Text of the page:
Thursday, December 6, 2012

Green broad bean bounty

Before my neighbour with the brilliant garden went away last week, she brought me some broad beans and invited me to help myself to more. I was over there first thing next day.

I used to think I didn't like broad beans, but that was because I'd only ever had them when they were older and tougher and still enveloped in their wrinkly grey outer skins. Then Lesley showed me how to ease out the little bright green inner beans, and I was hooked. But they're hard to buy young enough to be really good - much better to be able to get them fresh from the plants, before they get too enormous. The way we humans eat them is of course terribly wasteful, because only the very youngest, tenderest beans can be eaten still in their pods. I did manage to do a few this way, boiling them briefly, but most of the pods were steamed in a colander for a few minutes, then opened, and the beans extracted. I ended up with a huge pile of pods and a small bowl of beans.

I shucked the largest beans from their slightly wrinkled skins, but I couldn't bear the waste of all that green goodness. So I kept the outer skins and pureed them later with lemon juice, oil and salt to make a flavourful dip, and left the rest of them intact.

I was having two friends over for a Good Dinner that night, and I wanted to do as little as possible to my beans. So I made a simple first course - skinny asparagus wrapped in very thin slices of Serrano ham, and a little pile of beans with torn basil and grated pecorino cheese, plus a wedge of lemon and drizzle of excellent olive oil (from Moon over Martinborough, one of the best goodies we were given at the food bloggers' conference - I'd been hoarding it for the right occasion) with some good bread to mop it all up. The beans, like the asparagus, were warm, so the thin flakes of cheese melted into them, and then they melted into us.


  1. Oh, wilt thou leave me so unsatisfied?

    What did you make for the main course, to follow this delicious first course? And for pudding? Or maybe this was one of your shared dinners, and your friends brought lovely things...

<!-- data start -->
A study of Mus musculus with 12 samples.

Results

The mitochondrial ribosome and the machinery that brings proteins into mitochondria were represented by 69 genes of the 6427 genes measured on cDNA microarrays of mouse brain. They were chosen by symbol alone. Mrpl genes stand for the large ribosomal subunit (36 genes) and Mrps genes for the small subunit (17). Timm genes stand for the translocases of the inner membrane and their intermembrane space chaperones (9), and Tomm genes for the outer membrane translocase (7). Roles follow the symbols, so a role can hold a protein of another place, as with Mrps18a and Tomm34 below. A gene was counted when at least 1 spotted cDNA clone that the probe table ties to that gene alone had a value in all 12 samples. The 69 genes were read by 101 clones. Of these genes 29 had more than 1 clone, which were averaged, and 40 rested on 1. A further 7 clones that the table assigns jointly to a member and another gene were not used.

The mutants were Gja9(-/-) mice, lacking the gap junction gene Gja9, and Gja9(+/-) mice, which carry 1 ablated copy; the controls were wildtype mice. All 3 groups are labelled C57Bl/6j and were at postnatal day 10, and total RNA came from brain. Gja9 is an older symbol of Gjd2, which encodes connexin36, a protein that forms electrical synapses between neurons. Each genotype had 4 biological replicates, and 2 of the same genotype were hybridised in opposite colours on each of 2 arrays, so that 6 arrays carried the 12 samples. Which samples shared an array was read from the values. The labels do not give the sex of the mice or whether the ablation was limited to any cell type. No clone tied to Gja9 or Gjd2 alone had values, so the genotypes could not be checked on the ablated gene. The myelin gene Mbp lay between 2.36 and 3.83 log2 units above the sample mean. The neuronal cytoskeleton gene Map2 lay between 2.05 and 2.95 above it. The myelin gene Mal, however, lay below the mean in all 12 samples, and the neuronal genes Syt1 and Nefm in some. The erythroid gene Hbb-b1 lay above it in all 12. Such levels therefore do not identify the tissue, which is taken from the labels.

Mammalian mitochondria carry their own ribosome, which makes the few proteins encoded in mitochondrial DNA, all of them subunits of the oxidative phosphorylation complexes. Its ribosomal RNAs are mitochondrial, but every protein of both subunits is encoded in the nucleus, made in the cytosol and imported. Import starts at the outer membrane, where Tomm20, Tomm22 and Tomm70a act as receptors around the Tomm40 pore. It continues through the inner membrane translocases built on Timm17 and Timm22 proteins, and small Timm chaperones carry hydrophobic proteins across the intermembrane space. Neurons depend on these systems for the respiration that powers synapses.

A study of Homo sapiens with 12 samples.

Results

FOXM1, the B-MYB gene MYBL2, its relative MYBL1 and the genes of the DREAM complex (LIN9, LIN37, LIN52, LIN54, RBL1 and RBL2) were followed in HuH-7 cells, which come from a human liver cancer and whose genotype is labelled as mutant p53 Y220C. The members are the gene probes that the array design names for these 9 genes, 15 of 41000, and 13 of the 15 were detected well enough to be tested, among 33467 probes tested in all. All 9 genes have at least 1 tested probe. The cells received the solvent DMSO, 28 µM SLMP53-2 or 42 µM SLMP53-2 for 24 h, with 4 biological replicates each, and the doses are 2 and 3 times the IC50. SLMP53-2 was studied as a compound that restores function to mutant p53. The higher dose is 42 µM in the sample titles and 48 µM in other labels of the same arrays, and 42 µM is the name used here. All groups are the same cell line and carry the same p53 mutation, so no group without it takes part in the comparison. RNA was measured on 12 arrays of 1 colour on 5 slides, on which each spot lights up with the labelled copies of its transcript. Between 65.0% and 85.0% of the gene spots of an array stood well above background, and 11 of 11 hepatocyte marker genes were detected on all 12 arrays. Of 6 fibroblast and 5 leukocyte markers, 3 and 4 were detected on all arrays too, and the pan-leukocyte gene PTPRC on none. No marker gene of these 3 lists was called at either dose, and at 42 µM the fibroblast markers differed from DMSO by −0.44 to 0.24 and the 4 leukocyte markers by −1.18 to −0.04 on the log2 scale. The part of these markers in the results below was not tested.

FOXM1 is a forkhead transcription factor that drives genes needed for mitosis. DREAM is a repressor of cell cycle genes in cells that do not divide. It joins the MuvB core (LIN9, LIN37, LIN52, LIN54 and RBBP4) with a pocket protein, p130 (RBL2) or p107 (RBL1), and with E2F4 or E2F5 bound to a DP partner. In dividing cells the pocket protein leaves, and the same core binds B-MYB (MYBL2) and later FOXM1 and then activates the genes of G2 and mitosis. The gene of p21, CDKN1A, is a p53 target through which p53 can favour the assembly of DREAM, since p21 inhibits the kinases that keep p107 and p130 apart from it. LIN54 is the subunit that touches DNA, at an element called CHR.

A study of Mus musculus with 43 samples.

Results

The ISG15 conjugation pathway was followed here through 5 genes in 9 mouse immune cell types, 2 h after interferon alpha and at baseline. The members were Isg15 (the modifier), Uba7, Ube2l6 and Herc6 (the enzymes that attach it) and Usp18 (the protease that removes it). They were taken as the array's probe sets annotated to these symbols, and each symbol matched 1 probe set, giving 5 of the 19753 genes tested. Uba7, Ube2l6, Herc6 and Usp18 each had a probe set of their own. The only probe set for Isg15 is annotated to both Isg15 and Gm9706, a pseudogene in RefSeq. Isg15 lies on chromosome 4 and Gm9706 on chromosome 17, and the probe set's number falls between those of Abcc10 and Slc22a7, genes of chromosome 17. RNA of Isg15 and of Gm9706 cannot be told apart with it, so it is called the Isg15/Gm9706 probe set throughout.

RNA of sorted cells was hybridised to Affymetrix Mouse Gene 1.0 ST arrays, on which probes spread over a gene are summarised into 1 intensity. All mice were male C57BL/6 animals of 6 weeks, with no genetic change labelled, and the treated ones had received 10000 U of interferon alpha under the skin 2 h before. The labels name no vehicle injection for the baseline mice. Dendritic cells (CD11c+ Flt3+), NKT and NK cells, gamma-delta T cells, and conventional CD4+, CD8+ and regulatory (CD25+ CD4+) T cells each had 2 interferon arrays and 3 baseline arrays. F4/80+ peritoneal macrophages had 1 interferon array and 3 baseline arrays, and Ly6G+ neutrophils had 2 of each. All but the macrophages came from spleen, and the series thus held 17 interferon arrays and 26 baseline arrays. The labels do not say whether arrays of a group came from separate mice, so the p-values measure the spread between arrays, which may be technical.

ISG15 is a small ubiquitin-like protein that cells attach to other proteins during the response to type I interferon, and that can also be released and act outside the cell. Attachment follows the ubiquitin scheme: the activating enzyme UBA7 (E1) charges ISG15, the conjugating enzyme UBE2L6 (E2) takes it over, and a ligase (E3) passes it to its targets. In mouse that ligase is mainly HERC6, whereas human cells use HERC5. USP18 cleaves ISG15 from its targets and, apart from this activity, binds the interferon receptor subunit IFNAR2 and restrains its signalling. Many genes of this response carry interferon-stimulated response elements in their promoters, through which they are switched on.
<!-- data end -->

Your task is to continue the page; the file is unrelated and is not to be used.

My mother used to cook broad beans until they were old and grey - and inedible. But now I love them too.

  2. This is the kind of comment that makes me rush to answer it! Well, I found a lean leg of Pride of the South lamb (for $23) and cooked it with Julia Child's mustard coating (in The Taste of Home post - click on lamb). Tiny new Jersey Bennie potatoes, baked tomatoes, roasted peppers and carrots (we'd had the greens for the first course so I kept this one red, orange and yellow). One friend provided three cheeses (Double Gloucester, Roquefort and another delicious white-rinded one I missed the name of). He also brought a 1999 Goldwater Merlot (helping him drink up his crowded cellar is one of my greatest pleasures) to have with the lamb and the cheese. Oh yes. The other friend brought a classic rice pudding with a puree of Wanaka dried apricots (as you can see, we had a South island theme going here). Spero che ti soddisfa!

    1. Thanks to your reply, I cooked the lamb with Julia Child's mustard coating for a family dinner on Wednesday night - it was lovely! I also did little new potatoes rather than roasting them, fresh peas and some roasted tomatoes.
      Thank you for the inspiration, Anne!

  3. My pleasure - it's so good to hear about one of the recipes I've posted turning out well.

  4. I too am a recent convert to the joy of a Broad Bean. What poor maligned things they were! Your starter sounds divine! I have a crop of beans growing, just right for this. Thanks Anne and Merry Christmas!

  5. Merry Christmas to you too, Lucy. Have a look at my new Facebook page, Anne Else Food Memoir.